Alternate Definition
  1. The amount of time (measured in mean days) that elapses from the date a customer establishes a requisition to the date the customer receives the material that was ordered.
  2. It is a supply chain metric that measures the time between the date a requisition is established and the date the requisitioned materiel is received and posted by the requisitioner.  LRT measures that elapsed time in days. 
  3. It is the time that is consumed from the point when a system support requirement is first identified until that requirement has been satisfied. This may include the time required for the provisioning and procurement of a new item, the time to ship an item from inventory to the location of need, the time required to acquire the necessary personnel or test equipment for maintenance, etc..
Alternate Definition Source
  1. DoD Performance Based Logistics (PBL) Guidebook:  A Guide to Developing Performance-Based Arrangements
  2. Defense Logistics Agency (DLA) Manual 4000.25, Defense Logistics Management System (DLMS), Volume 6, Logistics Systems Interoperability Support Services 
  3. Logistics Engineering and Management6th edition, by Benjamin S. Blanchard
General Information

As can readily be seen from the above definitions, LRT is not consistently defined, and is often confused with other frequently-used response metrics such as Customer Wait Time (CWT) and Mean Logistics Delay Time (MLDT).  Some organizations define LRT to include all the time beginning at identification of a failure or malfunction and ending upon the satisfaction of any logistics requirements--including personnel, spares, or any other need identified to correct the malfunction. It also includes corrective maintenance time. Others - such as the DLA definition above - are focused solely on the supply system.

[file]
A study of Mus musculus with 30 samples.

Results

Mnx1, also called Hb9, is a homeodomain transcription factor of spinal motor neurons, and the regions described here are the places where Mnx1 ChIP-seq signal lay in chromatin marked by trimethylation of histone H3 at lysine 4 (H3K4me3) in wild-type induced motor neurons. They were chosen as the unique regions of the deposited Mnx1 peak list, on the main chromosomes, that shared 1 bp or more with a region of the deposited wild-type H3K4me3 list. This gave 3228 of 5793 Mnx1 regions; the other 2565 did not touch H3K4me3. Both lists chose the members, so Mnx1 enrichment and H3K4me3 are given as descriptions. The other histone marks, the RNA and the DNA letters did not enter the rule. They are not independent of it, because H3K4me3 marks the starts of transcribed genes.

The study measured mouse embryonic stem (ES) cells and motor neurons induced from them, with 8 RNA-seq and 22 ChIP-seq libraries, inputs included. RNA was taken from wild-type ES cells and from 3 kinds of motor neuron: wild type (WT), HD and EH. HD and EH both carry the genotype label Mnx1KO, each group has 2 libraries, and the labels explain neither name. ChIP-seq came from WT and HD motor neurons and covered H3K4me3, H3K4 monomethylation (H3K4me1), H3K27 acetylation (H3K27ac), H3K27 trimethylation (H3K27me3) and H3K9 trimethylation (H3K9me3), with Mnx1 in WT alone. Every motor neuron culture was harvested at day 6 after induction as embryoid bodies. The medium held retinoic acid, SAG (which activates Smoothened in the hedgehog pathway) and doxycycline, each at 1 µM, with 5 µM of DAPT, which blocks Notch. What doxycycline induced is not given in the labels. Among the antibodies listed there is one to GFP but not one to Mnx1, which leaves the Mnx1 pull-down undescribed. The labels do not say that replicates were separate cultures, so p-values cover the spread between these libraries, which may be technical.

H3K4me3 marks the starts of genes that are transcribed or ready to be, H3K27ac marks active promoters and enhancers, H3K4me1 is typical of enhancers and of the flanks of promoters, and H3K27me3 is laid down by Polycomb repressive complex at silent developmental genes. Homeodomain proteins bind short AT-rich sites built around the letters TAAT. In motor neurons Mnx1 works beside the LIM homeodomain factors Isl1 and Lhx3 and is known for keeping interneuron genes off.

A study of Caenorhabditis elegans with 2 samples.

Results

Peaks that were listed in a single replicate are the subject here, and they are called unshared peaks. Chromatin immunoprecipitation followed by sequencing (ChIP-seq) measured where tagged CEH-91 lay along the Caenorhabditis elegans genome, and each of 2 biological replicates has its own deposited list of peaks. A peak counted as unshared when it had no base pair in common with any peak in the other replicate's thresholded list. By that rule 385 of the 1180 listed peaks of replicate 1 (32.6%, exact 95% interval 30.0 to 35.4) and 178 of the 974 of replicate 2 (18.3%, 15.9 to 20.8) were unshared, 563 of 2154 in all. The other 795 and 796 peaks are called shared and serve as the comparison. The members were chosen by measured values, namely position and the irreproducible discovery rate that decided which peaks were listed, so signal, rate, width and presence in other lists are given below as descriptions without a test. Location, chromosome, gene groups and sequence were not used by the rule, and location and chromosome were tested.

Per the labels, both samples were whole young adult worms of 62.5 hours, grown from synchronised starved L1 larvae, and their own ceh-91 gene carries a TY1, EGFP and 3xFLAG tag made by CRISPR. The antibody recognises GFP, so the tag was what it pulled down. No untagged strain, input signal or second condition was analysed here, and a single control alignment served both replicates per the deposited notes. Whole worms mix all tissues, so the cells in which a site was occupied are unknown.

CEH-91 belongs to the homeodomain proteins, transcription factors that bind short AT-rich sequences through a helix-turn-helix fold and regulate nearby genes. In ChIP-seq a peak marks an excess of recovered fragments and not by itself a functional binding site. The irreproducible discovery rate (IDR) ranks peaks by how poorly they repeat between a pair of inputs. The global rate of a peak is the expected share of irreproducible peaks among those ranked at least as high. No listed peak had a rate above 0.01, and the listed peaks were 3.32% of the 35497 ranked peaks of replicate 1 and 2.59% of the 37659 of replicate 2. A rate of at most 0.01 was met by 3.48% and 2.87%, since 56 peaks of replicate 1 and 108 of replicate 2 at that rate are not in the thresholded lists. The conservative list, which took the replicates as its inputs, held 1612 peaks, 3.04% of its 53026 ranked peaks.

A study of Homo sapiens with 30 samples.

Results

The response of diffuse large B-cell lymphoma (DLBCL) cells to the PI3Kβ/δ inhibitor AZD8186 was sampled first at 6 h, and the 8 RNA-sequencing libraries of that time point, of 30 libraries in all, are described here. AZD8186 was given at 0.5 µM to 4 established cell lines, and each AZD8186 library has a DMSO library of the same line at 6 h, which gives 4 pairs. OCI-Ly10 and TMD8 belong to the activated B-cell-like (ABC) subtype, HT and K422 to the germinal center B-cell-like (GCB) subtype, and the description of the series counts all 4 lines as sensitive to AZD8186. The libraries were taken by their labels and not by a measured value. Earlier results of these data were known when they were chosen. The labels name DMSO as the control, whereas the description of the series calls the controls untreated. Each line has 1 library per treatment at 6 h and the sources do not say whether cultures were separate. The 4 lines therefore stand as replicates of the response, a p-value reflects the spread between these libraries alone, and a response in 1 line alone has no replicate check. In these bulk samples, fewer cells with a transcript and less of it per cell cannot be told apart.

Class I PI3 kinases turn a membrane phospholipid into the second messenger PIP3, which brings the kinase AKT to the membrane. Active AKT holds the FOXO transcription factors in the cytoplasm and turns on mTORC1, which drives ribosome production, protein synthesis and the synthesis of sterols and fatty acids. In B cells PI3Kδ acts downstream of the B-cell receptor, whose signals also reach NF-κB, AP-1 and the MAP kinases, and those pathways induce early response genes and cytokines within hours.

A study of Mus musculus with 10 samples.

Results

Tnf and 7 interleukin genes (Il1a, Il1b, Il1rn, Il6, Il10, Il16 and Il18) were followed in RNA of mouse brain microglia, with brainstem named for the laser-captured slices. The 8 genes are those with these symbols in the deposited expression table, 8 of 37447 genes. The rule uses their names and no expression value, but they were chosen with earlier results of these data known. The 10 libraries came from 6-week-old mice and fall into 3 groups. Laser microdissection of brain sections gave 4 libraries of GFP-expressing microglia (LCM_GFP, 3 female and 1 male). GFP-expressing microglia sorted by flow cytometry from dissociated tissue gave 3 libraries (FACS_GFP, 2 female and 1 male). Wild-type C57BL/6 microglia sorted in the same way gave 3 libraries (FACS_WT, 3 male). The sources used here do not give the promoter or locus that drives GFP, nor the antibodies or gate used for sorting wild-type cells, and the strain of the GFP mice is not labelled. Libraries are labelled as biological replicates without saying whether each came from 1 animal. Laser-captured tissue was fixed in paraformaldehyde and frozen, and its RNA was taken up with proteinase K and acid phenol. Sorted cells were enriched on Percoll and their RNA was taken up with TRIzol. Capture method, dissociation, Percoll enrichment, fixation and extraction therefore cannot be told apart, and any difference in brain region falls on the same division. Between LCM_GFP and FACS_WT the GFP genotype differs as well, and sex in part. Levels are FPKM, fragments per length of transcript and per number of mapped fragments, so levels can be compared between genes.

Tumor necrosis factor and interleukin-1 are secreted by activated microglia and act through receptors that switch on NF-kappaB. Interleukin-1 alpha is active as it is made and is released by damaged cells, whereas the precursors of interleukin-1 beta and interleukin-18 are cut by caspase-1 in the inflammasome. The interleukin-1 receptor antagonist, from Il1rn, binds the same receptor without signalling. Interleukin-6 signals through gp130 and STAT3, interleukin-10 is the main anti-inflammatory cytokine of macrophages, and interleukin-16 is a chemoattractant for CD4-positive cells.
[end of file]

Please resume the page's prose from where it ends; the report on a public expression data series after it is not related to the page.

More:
Therefore, as with other metrics (particularly those used in a PBL environment), care must be taken to appropriately define the parameters of the metric and achieve a common understanding of that definition among the various stakeholders. As noted in the Product Support Manager (PSM) Guidebook, ..."these metrics must be mathematically and qualitatively described before they are useful." Additionally, also per the PSM Guidebook, they should be:

  • Linked to system level required sustainment metrics objectives
  • Appropriate to scope and responsibility
  • Specify unit of measure
  • Specify acceptable range or threshold
  • Motivate desired long-term behavior
  • Understood and accepted
  • Easy to collect data and verify
  • Readily assessed
  • Analyzed to provide timely feedback

In summary, LRT is but one of many possible expressions of downtime and as such potentially may be used as an element of an Operational Availability (Ao) calculation. To re-emphasize, if used in such a calculation, LRT must be carefully defined as to what elements of downtime it includes and how it is measured, i.e., when the clock starts and when it stops.